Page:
First Person

On The Other Side of Videogame History


All the negative commentary on the violence at E3 this year is consternating. Why this year, and not last year? I understand a renewed fervor against booth babes because they were out in much stronger force at E3 2012 than they were at E3 2011, but last year’s Expo was just as loaded with shooter games as this year’s was. I don’t remember E3 2010 being any less of a hothouse for shooter promotion, either, so the sudden bandwagon of anti-videogame violence rhetoric can’t be laid on how many shooters were at E3 in 2012.

It’s as though people from all different corners of games journalism and punditry have had a spontaneous, communal awakening to the issue of audiences cheering for violence in videogames. How many times in the last two weeks have we read an op-ed hung on the peg of the audience’s reaction to the last scene in the demo for The Last Of Us when the hero shotguns a human survivor in the face? Leigh Alexander wrote about this problem two years ago; this is also an old issue, not some new controversy that ought to be such an attractive, safe angle for everyone to jump on this year.

The anti-violence rhetoric might not actually be about protesting the violence. It’s possible that’s a surface concern underlying other, deeper issues. Most everyone who writes about videogames is hip-deep in virtual blood. So many of these rhetorical exercises begin with something along the lines of “I’m a first person shooter veteran, but …” or “I love violent games as much as the next person, but …” and then it feels like someone driving by in a gas-guzzling Humvee while screaming out the window about the damage everyone is doing to the environment with their cars. The subtext is guilt at realizing shared culpability.

There may be a dawning realization that one of the charges core gamers love to throw at the videogame media, that the media doesn’t represent their interests, may actually be true to a degree. The core gamers were the people cheering at the Sony press conference during that shotgun blast at the end of the trailer for The Last of Us. Anyone raising their voice in protest of that trailer and the violence it represents is making a statement that they’re growing past such violence faster than a large segment of the audience is. We can’t even cast the core audience in the mold of “18-to-35-year-old males” any longer, not with our current understanding of how diverse the videogame audience is, and not with as many women vocalizing their love of the shooter genre.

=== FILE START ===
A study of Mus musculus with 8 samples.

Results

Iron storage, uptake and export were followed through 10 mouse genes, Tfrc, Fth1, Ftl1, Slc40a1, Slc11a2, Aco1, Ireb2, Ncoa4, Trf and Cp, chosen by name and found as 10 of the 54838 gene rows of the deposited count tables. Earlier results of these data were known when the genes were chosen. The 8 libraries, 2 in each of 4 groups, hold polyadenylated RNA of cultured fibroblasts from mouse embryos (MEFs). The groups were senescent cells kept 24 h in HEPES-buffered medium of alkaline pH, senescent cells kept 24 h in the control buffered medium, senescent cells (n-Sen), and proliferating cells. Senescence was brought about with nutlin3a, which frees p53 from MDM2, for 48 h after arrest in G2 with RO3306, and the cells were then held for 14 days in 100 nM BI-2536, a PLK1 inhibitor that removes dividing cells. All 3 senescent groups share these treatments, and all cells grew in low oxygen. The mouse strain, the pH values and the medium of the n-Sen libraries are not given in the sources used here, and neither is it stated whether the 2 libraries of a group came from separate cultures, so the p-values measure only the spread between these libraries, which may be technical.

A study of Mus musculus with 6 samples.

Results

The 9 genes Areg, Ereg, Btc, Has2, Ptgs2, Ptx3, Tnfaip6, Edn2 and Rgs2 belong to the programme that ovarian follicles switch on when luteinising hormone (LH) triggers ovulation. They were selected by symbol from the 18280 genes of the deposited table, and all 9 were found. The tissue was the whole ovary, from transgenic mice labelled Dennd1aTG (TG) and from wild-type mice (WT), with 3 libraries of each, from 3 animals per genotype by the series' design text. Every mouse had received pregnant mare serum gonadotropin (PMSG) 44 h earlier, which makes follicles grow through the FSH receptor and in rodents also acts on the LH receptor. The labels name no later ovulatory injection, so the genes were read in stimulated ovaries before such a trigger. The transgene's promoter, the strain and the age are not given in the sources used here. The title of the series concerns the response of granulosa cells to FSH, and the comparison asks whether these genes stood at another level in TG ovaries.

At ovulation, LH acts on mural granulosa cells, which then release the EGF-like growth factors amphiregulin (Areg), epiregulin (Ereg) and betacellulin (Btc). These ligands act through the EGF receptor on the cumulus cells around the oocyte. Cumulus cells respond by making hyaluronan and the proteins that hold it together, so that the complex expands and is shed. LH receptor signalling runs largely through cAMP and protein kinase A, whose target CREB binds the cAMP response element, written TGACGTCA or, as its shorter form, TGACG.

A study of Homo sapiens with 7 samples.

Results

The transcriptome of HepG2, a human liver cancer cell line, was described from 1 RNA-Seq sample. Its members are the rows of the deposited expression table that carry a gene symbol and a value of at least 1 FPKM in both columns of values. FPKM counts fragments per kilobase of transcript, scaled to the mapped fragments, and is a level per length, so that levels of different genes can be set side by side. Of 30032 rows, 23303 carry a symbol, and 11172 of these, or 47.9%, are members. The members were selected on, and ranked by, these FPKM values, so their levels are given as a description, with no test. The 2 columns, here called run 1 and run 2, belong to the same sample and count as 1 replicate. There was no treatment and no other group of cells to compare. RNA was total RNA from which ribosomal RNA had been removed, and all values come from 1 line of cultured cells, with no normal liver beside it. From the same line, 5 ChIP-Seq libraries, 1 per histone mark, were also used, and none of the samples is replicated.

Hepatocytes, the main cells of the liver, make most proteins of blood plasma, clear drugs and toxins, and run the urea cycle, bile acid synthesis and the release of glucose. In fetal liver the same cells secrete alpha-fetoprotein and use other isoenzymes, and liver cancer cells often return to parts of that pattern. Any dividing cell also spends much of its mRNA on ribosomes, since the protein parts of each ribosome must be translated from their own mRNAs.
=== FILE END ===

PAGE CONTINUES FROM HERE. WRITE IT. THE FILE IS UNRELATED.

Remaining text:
Perhaps there’s a lot of subconscious realization or personal admission that videogames writ large are never going to be any more mature than Hollywood action films, vacuous pop music, spandex-clad and platitude-spouting superhero comic books, or Stephanie Meyer novels. There’s always a current of thought running in critical circles about how videogames can be so much more than they are, and those conversations often carry a subtext that videogames should be more than they currently are because they’re intrinsically superior to other forms of media. E3 2012 looked those critics in the face and said, “Not really.” We’re never going to grow out of the shooty and moar splosions, we’re just going to add to the palate of experiences that videogames offer and live with coexistence versus wholesale replacement and evolution.

There’s a silver lining here that either no one’s picked up on yet: The fact that such a communal, negative reaction to the violence at E3 this year is even possible is a sign that videogames writ large have achieved the level of maturity those critical voices have been pining for. This is not to suggest the evolution of videogames is finished, nor to suggest that increasing the variety of experiences supported by the medium is no longer a concern to be monitored and discussed. But ever since I began writing about videogames two years ago, it’s been impossible not to see this hand-wringing thread of “When will videogames grow up?” discourse running through popular writing about videogames.

The communal reaction to E3 is a touchstone for “When videogames started to really grow up.” It would be impossible to recognize E3 for the anachronism it has become without also making the tacit statements that videogames writ large have moved on from the days of simple kinesthetics and graphics fetishism being enough to confer value about works in the form. This also is not a new realization, but it’s one thing for everyone to know something and another thing to have a proof right under our noses. The collective nose-turning at E3 by the critical community is that proof.

Videogames haven’t “grown up” but they have, finally, diversified. We may be at the point where, unless the outlet in question has a clear focus to its coverage for context, we can’t just use the word “gamers” anymore without a modifier to make the appellation specific. E3 doesn’t represent all of us anymore, either. We’re on the other side of videogame history, even if we’ve only taken a few baby steps.

Dennis Scimeca is a freelance writer from Boston, MA. You can read some of his other musings on his blog, or follow his random excitations on Twitter: @DennisScimeca.